Megyn Kelly’s comments about blackface were a little infuriating.

Vladimir Putin in Megyn Kelly Television Interview Source: Michael Klimentyev

SOMEHOW, IT’S 2018 and there are still people out there who believe that blackface is up for debate. 

Former Fox News anchor Megyn Kelly was the latest (and hopefully the last) public figure who attempted to make excuses for the practice of wearing blackface. On yesterday’s episode of the NBC show ‘Megyn Kelly Today’, the 47-year-old asked, “What is racist?” 

You do get in trouble if you are a white person who puts on blackface for Halloween. Back when I was a kid, that was okay, just as long as you were dressing as a character. 

CNN responded to the segment by pointing out the fact that in the 47 years that Megyn Kelly has been alive, there was never a time in the United States when blackface was deemed acceptable. 

They were all white people on that panel. There were no African Americans, no people of colour to say, “Hey, Megyn. Not cool.” I wonder how much diversity she has in her staff, I don’t know, I’m not there, but I would imagine not a lot because people would have informed her. 

Comedian Patton Oswalt also added that there’s no reason why she should have nostalgia for the simple old days, before PC culture “destroyed” blackface. He wrote on Twitter, “Dear Megyn Kelly — you and I are approximately the same age. Blackface was NOT okay when we were kids. Take it from a big-hearted boy who just wanted to show his love for Nispey Russell on the worst Halloween of my life.” 

Even a 1984 episode of the American sitcom Gimme a Break! managed to take a very clear stance on the issue of blackface. Pop culture towards the end of the 20th century was not completely ignorant of the fact that blackface was (and is) offensive. In Gimme a Break!, Nell Harper compared it to using the N-word. 

That’s what you did by putting Joey in blackface. You offended me, and a lot of decent black people.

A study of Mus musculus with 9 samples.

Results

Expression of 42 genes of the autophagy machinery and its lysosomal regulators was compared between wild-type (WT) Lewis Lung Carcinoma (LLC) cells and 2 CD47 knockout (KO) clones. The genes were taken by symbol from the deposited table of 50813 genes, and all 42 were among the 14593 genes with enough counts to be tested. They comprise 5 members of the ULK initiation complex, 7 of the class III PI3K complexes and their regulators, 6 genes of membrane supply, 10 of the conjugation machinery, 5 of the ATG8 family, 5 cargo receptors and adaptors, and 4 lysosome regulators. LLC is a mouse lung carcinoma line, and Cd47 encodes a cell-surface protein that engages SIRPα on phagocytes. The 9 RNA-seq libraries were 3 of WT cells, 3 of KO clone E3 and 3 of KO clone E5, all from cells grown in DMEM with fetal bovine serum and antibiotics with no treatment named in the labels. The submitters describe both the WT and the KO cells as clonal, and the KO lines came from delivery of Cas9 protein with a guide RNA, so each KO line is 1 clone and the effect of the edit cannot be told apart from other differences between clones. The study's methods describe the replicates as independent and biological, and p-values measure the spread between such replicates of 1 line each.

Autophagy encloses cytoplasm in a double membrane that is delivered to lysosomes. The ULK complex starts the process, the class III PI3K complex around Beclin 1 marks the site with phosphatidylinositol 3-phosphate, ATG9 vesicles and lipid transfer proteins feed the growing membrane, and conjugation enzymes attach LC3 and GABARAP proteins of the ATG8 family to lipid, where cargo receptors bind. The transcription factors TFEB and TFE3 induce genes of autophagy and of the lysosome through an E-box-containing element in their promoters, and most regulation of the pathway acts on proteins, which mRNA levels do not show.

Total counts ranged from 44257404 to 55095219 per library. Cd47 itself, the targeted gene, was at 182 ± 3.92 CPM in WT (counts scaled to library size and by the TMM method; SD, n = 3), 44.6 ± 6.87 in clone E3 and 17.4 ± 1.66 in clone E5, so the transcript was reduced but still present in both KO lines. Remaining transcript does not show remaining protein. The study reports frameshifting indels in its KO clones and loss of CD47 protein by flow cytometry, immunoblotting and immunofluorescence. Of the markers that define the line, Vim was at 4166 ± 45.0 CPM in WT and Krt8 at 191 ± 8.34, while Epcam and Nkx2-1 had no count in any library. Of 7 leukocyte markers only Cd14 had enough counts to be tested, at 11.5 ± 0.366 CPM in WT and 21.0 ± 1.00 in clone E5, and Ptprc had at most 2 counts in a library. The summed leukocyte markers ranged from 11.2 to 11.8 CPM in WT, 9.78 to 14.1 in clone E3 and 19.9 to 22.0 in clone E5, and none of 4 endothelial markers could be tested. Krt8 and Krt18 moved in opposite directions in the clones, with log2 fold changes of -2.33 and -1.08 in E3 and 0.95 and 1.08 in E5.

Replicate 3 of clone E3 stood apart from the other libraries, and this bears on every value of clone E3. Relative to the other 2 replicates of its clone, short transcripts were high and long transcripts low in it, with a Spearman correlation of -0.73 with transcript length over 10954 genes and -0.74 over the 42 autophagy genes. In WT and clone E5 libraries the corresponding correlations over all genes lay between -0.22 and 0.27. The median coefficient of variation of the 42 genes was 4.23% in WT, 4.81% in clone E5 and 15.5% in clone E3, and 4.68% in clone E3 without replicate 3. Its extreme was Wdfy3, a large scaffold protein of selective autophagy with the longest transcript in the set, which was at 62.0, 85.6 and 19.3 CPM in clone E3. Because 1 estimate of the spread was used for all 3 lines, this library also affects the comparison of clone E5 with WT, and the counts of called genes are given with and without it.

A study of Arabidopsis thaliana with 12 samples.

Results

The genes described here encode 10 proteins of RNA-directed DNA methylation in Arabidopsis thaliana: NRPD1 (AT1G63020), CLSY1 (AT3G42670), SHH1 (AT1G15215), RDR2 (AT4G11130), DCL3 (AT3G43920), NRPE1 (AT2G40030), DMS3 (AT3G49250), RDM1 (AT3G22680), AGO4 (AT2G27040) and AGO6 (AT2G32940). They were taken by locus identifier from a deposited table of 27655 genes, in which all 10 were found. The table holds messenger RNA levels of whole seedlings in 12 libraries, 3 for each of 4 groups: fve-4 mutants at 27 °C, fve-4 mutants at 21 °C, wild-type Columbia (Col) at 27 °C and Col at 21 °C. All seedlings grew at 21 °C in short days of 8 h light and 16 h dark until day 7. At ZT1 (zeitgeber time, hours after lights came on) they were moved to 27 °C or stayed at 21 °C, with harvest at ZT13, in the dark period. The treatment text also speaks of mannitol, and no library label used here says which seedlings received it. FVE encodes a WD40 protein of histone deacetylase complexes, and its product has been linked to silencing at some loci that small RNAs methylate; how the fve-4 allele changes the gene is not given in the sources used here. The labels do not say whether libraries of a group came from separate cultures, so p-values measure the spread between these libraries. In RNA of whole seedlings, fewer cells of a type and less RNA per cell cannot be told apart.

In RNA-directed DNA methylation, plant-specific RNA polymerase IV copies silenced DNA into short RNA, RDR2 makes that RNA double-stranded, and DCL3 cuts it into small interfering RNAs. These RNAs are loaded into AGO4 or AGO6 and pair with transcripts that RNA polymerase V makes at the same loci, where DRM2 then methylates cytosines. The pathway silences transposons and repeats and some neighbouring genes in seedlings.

Source: Alex Cranz/YouTube

After all of the backlash, Megyn Kelly decided to apologise for her comments. 

She emailed her colleagues:

Today is one of those days where listening carefully to other points of view, including from friends and colleagues, is leading me to rethink my own views. 

“Those” kind of days shouldn’t really be a rare occurrence… 

I’ve never been a ‘pc’ kind of person — but I understand that we do need to be more sensitive in this day and age. Particularly on race and ethnicity issues which, far from being healed, have been exacerbated in our politics over the past year. This is a time for more understanding, love, sensitivity and honour, and I want to be a part of that. I look forward to continuing that discussion. 

When Megyn Kelly returned to her TV show this morning, she apologised once again:

I want to begin with two words, I’m sorry. The country feels so divided and I have no wish to add to that pain and offense. I believe this is a time for more understanding, more love, more sensitivity and honour… Thank you for listening and for helping me listen too.

Incredibly, this was met with a standing ovation…

Needless to say, viewers were very surprised at the way the audience reacted to Megyn’s apology. One person tweeted, “She is an extremely well-educated woman who worked at Fox News for many years, where they covered the issue repeatedly (to gin up outrage over “PC culture”). There’s no way she was ignorant of the reasons why blackface is upsetting.” 

If, after sitting through decades of public discussion on the topic of why blackface is racist, you are still unsure what the big deal is then you’re probably willfully ignorant. If you are sincerely interested in trying to understand why blackface is wrong, there are literally hundreds of explanations online

In fact, blackface isn’t the only costume idea that you might have that’s off limits.

This year, people with disabilities have been speaking out on social media about the harm and stigma that is caused by individuals who dress up as disabled people for Halloween. Teen Vogue spoke to Youtuber Annie Segarra, who said that “Disability is not something we can just take on and off. Attempting to use it as a prop is a mockery of the privilege one has in order to do such a thing.”